Lucky Brand has negotiated a two-pronged primary asset purchase agreement, also known as a “stalking horse” bid, to sell its operating assets to SPARC Group LLC (SPARC), a jointly owned entity of Authentic Brands Group (ABG) and mall owner Simon Property Group, and Lucky Brand’s intellectual property assets to ABG-Lucky LLC, a newly formed subsidiary of Authentic Brands. The all-assets bid includes $140.1 million in cash, $51.5 million in credit from vendors and a trade receivables adjustment. The proposed sale was revealed in the July 3 Lucky Brand Dungarees LLC announcement of its voluntary Chapter 11 bankruptcy protection filing.
Lucky Brand owes Simon Property Group $4.6 million in rent, according to court documents. The mall operator joined with Authentic Brands and mall owner Brookfield Property Partners to purchase Forever 21 out of bankruptcy in February 2020.
Lucky Brand also has negotiated a backup plan, a secondary asset purchase agreement, “which will only come into effect if the asset purchase agreement with SPARC terminates under certain circumstances.” If that situation were to occur, a newly formed company called ABG-Lucky LLC would acquire the Lucky Brand intellectual property (IP) and “certain other assets.” The IP deal is valued at $90 million and includes the option to purchase inventory related to the e-Commerce and wholesale businesses at an additional cost.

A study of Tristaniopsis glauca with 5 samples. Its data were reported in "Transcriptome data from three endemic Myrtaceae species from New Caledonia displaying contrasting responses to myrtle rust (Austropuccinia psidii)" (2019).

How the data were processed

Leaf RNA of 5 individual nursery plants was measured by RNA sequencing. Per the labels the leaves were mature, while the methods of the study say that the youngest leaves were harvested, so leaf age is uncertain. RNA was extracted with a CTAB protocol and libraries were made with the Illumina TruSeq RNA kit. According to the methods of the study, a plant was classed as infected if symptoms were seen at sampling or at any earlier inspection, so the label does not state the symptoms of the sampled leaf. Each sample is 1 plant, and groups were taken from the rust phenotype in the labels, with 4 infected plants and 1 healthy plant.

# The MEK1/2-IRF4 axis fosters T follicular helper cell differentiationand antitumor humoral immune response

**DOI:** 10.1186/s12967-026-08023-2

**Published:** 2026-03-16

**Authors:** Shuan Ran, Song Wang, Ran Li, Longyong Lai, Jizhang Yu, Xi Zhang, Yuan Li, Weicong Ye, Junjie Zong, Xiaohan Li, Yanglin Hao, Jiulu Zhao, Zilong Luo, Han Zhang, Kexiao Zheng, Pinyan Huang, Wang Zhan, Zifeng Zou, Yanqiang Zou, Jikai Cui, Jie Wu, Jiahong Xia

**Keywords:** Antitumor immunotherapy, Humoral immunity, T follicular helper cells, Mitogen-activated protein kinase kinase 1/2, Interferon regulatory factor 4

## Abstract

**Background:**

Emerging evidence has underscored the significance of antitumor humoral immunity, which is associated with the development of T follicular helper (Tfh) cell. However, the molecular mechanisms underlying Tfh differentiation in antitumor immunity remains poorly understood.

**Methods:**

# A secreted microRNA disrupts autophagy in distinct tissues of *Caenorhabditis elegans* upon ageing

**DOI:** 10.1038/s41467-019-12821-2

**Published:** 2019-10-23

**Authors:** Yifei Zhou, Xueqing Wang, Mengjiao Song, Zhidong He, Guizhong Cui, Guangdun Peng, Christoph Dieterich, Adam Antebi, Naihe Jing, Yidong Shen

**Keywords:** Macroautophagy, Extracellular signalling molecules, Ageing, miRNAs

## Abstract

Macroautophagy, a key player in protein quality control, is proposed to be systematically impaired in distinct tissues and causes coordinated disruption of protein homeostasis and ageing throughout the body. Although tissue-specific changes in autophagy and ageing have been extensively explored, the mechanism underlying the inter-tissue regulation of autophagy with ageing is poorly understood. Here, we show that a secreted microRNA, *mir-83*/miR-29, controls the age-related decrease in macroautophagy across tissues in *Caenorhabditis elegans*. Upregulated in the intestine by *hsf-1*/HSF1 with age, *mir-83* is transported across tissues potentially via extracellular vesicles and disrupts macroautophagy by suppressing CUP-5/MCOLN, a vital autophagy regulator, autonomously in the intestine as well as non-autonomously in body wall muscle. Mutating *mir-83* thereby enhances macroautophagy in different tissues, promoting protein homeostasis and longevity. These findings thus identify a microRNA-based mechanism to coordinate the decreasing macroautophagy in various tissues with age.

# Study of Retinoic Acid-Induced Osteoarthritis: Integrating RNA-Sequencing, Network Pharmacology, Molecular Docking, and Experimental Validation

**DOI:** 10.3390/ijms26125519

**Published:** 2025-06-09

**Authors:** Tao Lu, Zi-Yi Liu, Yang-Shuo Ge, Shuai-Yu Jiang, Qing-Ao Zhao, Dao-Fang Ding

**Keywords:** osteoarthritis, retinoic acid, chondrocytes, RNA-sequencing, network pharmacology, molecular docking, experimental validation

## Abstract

Although Lucky Brand has negotiated these initial agreements, the company said it would, with its advisors, “continue to explore potential sale transactions with other parties to achieve the highest or otherwise best offer for the company” during Chapter 11.
The manufacturer and retailer of vintage-inspired casual apparel plans to continue operating the majority of its stores, along with its e-Commerce site and wholesale business, during bankruptcy. However, Lucky Brand will immediately shutter 13 of its 210 locations, with additional closings possible.
“Lucky Brand has received new financing commitments from certain of its existing lenders that will provide sufficient liquidity to fund the business through the closing of the sale,” the company said. Lucky Brand has obtained $15.6 million in debtor-in-possession financing, according to bankruptcy filings.
“We have made many difficult decisions to preserve the Company’s viability during these unprecedented times,” said Matthew Kaness, Interim CEO and Executive Chairman in a statement. “After considering all options, the Board has determined that a Chapter 11 filing is the best course of action to optimize the operations and secure the brand’s long-term success.”
Lucky has employed Berkeley Research Group (BRG) as its restructuring advisor. “The company has been burdened by its substantial debt load and has faced many of the same pressures affecting U.S. retailers more generally,” wrote Mark Renzi, Managing Director at BRG Corporate Finance and Lucky’s Chief Restructuring Officer in a declaration supporting the Chapter 11 filing.